CFPB Issues FCRA Advisory Opinions Addressing Background Screenings and Credit File Sharing Practices


On January 11, 2024, the Consumer Financial Protection Bureau (“CFPB” or “Bureau”) issued two separate advisory opinions interpreting consumer reporting agencies’ (“CRAs”) obligations under the Fair Credit Reporting Act (“FCRA”). First, the Bureau issued an advisory opinion on background check reports, which highlights that such reports must be complete, accurate, and free of information that is duplicative, outdated, expunged, sealed, or otherwise legally restricted from public access (the “Background Screening Opinion”). The Bureau’s second advisory opinion addresses file disclosure obligations under the FCRA, and “highlights that people are entitled to receive all information contained in their consumer file at the time they request it, along with the source or sources of the information contained within, including both the original and any intermediary or vendor source” (the “File Disclosure Opinion”).  The Bureau issued the advisory opinions to “ensure that the consumer reporting system produces accurate and reliable information and does not keep people from accessing their personal data.”

Why Is It Important?

The Background Screening Opinion

Section 607(b) of the FCRA requires that CRAs “follow reasonable procedures to assure maximum possible accuracy of the information concerning the individual about whom the report relates.” The Background Screening Opinion asserts that “[i]n many instances, background screening reports contain inaccurate information about consumers,” such as information about the wrong consumer, information that is duplicative, or that omits existing disposition information. The Bureau also found that some background screening reports “include arrests, convictions, or other court records that should not be included because they have been expunged or sealed or otherwise legally restricted from public access.”

Accordingly, the CFPB issued the Background Screening Opinion to “underscore obligations that the FCRA imposes when background screening reports are provided and used.” Specifically, the opinion affirms that CRAs must comply with their FCRA obligation to “follow reasonable procedures to assure maximum possible accuracy” under section 607(b). Specifically, the Background Screening Opinion provides that:

  • A CRA that reports public record information does not comply with section 607(b) if the CRA does not have reasonable procedures in place to ensure that the CRA:
    • does not report duplicative information or information that has been expunged, sealed, or otherwise legally restricted from public access in a manner that would prevent the user from obtaining it directly from the government entities that maintain the records, and
    • includes any existing disposition information if it reports arrests, criminal charges, eviction proceedings, or other court filings.
  • When CRAs include adverse information in consumer reports, the occurrence of the adverse event starts the running of the reporting period for adverse items under FCRA 605(a)(5), which is not restarted or reopened by the occurrence of subsequent events.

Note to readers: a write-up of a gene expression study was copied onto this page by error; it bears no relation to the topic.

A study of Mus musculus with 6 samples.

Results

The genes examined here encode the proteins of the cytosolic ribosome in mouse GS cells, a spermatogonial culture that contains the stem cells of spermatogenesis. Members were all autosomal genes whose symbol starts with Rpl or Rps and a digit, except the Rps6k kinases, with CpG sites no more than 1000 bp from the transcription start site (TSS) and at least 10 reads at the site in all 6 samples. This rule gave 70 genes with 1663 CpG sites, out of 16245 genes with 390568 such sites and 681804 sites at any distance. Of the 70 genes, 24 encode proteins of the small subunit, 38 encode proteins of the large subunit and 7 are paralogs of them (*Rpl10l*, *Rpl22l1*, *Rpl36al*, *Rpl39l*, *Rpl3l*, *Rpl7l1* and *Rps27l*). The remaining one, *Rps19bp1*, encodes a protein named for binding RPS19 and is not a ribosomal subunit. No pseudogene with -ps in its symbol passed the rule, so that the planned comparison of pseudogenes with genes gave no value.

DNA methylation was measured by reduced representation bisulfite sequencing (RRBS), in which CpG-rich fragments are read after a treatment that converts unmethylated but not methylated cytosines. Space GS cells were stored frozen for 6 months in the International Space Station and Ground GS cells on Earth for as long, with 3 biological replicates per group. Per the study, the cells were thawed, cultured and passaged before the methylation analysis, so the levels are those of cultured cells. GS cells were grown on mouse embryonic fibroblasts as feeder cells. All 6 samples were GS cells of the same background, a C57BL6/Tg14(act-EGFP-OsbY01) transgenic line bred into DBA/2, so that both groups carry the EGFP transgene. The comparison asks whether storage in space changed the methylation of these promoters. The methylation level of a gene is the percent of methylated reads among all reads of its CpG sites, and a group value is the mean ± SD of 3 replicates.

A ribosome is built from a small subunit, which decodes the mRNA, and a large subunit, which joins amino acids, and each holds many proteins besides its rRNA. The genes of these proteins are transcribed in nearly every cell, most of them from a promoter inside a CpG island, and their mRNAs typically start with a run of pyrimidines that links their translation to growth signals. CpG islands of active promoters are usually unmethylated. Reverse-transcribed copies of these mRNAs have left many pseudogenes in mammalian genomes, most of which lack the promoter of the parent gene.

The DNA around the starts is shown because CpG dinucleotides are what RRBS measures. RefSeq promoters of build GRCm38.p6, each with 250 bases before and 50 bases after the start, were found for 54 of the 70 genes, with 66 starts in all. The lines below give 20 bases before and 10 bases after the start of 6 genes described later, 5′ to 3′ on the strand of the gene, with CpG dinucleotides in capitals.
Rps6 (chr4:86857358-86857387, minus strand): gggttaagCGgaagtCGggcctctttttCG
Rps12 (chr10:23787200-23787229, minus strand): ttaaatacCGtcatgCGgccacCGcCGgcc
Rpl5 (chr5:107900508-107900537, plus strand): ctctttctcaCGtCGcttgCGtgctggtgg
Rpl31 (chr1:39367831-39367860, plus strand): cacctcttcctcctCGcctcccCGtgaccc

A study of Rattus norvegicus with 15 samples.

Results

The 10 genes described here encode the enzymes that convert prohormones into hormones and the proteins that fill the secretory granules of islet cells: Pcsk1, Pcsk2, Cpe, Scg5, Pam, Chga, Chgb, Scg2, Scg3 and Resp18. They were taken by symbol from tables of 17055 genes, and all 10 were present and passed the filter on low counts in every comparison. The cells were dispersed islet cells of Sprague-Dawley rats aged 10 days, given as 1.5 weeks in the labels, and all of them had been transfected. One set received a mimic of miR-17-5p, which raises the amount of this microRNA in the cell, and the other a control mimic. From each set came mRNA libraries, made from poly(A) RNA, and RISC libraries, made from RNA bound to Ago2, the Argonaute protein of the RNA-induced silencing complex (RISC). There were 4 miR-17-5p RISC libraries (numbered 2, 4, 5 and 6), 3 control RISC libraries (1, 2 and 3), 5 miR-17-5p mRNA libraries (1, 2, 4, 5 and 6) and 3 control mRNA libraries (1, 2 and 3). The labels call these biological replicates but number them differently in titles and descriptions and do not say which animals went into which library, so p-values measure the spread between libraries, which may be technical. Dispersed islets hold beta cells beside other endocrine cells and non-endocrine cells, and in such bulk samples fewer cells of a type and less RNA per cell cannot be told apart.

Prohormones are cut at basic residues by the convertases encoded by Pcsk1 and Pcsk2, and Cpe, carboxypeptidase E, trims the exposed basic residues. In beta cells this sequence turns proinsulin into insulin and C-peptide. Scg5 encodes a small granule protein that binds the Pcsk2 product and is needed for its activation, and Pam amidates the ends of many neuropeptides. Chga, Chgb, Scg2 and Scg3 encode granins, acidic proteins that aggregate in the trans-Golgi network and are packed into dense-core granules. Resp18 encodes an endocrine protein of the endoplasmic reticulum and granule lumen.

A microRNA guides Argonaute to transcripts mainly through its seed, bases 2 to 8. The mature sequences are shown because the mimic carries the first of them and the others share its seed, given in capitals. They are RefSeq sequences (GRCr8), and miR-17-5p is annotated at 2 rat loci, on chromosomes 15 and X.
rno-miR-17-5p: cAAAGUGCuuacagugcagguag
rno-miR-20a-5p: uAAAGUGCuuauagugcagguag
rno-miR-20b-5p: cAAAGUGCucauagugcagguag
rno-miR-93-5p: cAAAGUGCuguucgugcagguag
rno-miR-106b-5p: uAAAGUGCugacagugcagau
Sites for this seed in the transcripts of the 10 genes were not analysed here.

• A non-conviction disposition (i.e., a dismissal or a similar disposition of criminal charges such as dropped charges or an acquittal) of a criminal charge cannot be reported beyond the 7-year period that begins to run at the time of the charge.

Accordingly, the Background Screening Opinion provides that CRAs “thus must ensure that they do not report adverse information beyond the reporting period” in section 605(a)(5) of the FCRA “and must at all times have reasonable procedures in place to prevent reporting of information that is duplicative or legally restricted from public access and to ensure that any existing disposition information is included if court filings are reported.”

The File Disclosure Opinion

Under the FCRA, CRAs are generally required to disclose to consumers all information in their file upon request. Specifically, section 609(a) of the FCRA provides that, upon request, a CRA must clearly and accurately disclose to the consumer “[a]ll information in the consumer’s file at the time of the request,” including the sources of the information. A “file” is defined as “all of the information on that consumer that is recorded and retained by a [CRA], regardless of how the information is stored.”

The File Disclosure Opinion clarifies that an individual requesting their files:

  • Only needs to make a request for their report and provide proper identification – they do not need to use specific language or industry jargon to be provided their complete file.
  • Must be provided their complete file with clear and accurate information that is presented in a way an average person could understand.
  • Must be provided the information in a format that will assist them in identifying inaccuracies, exercising their rights to dispute any incomplete or inaccurate information, and understanding when they are being impacted by adverse information.
  • Must be provided with the sources of the information in their file, including both the original and any intermediary or vendor source or sources.

What Do You Need to Do?

These advisory opinions follow President Biden’s October, 2023 Executive Order on the Safe, Secure and Trustworthy Development and Use of Artificial Intelligence (the “EO”).  Among other obligations, the EO encourages the CFPB to consider using its authority to use appropriate technologies including AI tools to ensure compliance with FCRA to address discrimination against protected groups.  These advisory opinions serve as a reminder of the importance of ensuring compliance with the FCRA, and that the use of data can lead to discriminatory outcomes under Federal law.